MOVE BY CHUBB UNIT NOT A THREAT, NJ SAYS

MOVE BY CHUBB UNIT NOT A THREAT, NJ SAYS

The decision by Chubb Corp.'s largest subsidiary, Federal Insurance Co., to switch its charter from New Jersey to Indiana because of the new insurance law in New Jersey does not pose a major threat to the state, a New Jersey state official said Wednesday.

Gregory Lawler, a counsel for policy and planning in the administration of Gov. Jim Florio, said Chubb is one of only several insurance companies that still are chartered in New Jersey.He said that the other major insurance company with a New Jersey charter, Crum & Forster, is planning to withdraw from the automobile insurance market nationwide and not particularly because of the New Jersey measure.

Chubb is not the first major insurance company to change its charter. Prudential Property and Casualty Insurance Co., known also as Prupac, switched its charter to Indiana several years ago although the company's headquarters remain in Holmdel, N.J., Mr. Lawler said.

Mr. Lawler is one of the architects of the new law, the Fair Automobile Insurance Reform Act of 1990.

Federal shifted its charter to Indiana as a result of provisions in Gov. Florio's auto insurance reform plan, the company said.

The Warren-based insurance company, chartered in New Jersey since 1901, said Tuesday it feared provisions of the new auto insurance reform would cause other states to penalize insurers chartered in New Jersey.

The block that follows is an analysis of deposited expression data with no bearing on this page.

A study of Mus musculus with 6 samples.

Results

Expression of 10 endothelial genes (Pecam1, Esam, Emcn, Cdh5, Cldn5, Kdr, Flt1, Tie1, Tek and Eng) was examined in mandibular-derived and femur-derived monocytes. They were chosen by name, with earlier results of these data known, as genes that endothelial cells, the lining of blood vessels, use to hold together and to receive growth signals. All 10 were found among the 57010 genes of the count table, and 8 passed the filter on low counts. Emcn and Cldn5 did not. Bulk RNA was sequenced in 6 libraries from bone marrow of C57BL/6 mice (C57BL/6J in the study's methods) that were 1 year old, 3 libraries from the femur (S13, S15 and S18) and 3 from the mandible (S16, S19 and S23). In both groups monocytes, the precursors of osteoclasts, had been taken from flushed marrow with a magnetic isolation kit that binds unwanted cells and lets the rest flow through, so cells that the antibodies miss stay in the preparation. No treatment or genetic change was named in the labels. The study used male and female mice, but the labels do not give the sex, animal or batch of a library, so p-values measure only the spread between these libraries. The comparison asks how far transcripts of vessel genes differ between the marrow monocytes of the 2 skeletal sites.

Bill Murray, Chubb vice president and assistant general counsel, said the action would not affect the size or the company's work force in New Jersey, the amount of state taxes it pays, the amount of business done or the location of its corporate headquarters - which will remain in New Jersey.

He said the move would prevent the new laws from causing a "significant rise" in the company's tax bill.

The Florio plan imposed $150 million in premium taxes for each of the next two years and assessments of $160 million a year for each of the next seven years on state insurers doing business in New Jersey to help close a $3.1 billion deficit amassed by the Joint Underwriting Association pool for high-risk driver.

Chubb officials are concerned that the higher taxes being imposed on out- of-state insurers doing business in New Jersey would result in retaliatory taxes against those firms chartered here that do business in other states.

"We simply want to avoid higher, retaliatory taxes," Mr. Murray said.